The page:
By Kusuma Thimmaiah

Can your community police itself?

Community-led moderation—a method well-researched and tested across the web–employs dedicated, loyal community members appointed by a publisher to review the community’s conversations and handle contributors who run afoul of the guidelines. 

Just think of Wikipedia or Reddit (don’t worry, we’ll get into these examples below). On these sites, the community itself plays an active role in driving high-quality contributions.

Despite these sites’ successes, they’ve certainly had their fair share of controversies. So, while the community is an important pillar of moderation, it can’t be the end-all, be-all of your moderation strategy. You need community moderation tools.

That’s why OpenWeb uses multiple layers of moderation to examine the millions of conversations we host every day. On top of AI-based algorithms and third-party integrations, we provide professional moderator services to provide a human touch, ensuring that all moderation decisions are as accurate as possible.

But combined, moderation technology and human moderation are a powerful force in a publisher’s community moderation tools. So, why not empower your best and most loyal users with the right tools to become community moderators?

Our partners who have embraced community-led moderation have seen increased engagement, higher quality conversations, and improved overall moderation. In fact, there are a number of platforms that give their community members the ability to take action on comments that don’t meet their site’s guidelines.

For instance,  Wikimedia, parent of Wikipedia, famously works with thousands of dedicated “Wikimedians” around the world to power its services. On Reddit, subreddit creators and users they appoint make the majority of the moderation decisions on the platform.

Publishers who leverage community moderation tools can benefit in a few ways:

1. Establish thorough, human review 

Community-led moderation allows publishers to thoroughly review more comments within their community. This ensures that when questionable content gets flagged either by the moderation platform or by a publisher’s readers, an accurate, human review is possible. This helps publishers improve their moderation efforts and ensure that nothing falls through the cracks.

2. Promote the sense of ownership

When top contributors are given the responsibility of maintaining the quality of their own community, they become the positive role models—inspiring others to follow. They are driven to support informed conversations, preserve their community’s ethos, and strengthen the sense of belonging. Moderators tend to contribute more and so do others in the community, increasing overall engagement.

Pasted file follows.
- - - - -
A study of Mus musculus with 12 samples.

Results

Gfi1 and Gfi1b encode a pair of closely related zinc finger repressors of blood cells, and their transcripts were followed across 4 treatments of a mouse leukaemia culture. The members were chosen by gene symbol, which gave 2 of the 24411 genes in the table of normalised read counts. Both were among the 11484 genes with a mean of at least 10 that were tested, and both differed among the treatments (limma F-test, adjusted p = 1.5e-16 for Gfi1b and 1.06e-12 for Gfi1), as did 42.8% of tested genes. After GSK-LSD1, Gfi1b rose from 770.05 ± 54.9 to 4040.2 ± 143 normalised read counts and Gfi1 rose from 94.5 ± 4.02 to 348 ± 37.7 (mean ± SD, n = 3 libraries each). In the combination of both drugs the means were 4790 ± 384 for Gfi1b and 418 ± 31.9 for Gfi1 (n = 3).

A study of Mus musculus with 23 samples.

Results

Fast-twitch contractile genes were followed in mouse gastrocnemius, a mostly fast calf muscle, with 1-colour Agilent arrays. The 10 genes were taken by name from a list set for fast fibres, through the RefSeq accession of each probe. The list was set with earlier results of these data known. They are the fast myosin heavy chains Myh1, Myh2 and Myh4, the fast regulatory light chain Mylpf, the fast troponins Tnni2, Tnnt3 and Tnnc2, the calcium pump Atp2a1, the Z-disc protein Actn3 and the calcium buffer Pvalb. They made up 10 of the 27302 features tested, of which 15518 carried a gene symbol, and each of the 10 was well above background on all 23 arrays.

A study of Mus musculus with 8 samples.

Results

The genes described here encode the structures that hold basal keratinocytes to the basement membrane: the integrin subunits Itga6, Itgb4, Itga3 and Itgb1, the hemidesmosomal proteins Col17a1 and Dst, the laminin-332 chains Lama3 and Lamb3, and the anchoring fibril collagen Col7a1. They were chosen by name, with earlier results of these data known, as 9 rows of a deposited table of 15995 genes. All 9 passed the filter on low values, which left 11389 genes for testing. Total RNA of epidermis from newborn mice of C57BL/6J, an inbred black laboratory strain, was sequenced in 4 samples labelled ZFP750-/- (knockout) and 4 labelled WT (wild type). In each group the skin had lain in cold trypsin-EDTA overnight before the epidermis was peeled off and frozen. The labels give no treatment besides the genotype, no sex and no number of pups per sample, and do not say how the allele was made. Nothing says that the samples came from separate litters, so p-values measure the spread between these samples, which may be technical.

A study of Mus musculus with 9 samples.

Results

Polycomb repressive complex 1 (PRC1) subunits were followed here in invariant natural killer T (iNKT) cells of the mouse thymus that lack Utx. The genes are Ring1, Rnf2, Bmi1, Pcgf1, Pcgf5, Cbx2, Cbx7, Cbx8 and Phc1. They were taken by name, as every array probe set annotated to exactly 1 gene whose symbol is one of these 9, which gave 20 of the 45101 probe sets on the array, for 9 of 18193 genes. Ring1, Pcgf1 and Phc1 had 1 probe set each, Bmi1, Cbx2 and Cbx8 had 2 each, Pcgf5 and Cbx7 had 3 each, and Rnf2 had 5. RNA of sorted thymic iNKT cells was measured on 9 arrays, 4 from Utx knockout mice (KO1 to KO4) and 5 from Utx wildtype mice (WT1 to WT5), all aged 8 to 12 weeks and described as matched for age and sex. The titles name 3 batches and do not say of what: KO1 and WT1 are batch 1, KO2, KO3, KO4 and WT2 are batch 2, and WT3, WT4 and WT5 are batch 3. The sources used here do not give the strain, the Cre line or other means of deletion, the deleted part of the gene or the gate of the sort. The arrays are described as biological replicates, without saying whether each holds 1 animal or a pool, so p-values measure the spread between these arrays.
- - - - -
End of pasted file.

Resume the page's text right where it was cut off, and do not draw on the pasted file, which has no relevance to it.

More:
3. Increase quality of conversations 

Research suggests that non-anonymous commenters are nearly three times as likely to remain civil in their comments as those who were anonymous. Positive and civil role models are able to dictate norms and encourage other users to follow suit, leading to higher-quality conversations—and quality conversations lead to more users staying on-site longer and interacting more.

4. Turn your community into lifetime value 

By offering top users a stake in the community’s overall well-being, you essentially identify them as the leaders within the community and turn them into long-term valued members. They not only safeguard your policies and guidelines, but also contribute to increased benefits such as increased time spent, page views, retention, and more.

Building user-moderated communities on the open web

Community-led moderation benefits both the user and the publisher: users feel valued when they have a sense of ownership and accountability in their community. Publishers who leverage users to maintain their site policies can build stronger, more engaged communities.

Of course, advocating for a user-led moderation in the publishing industry is far from simple. For most publications, the idea of giving users this type of power sounds risky, to say the least. We understand that. So we decided to try this concept with a “do things that don’t scale” approach. Watch this space for more updates.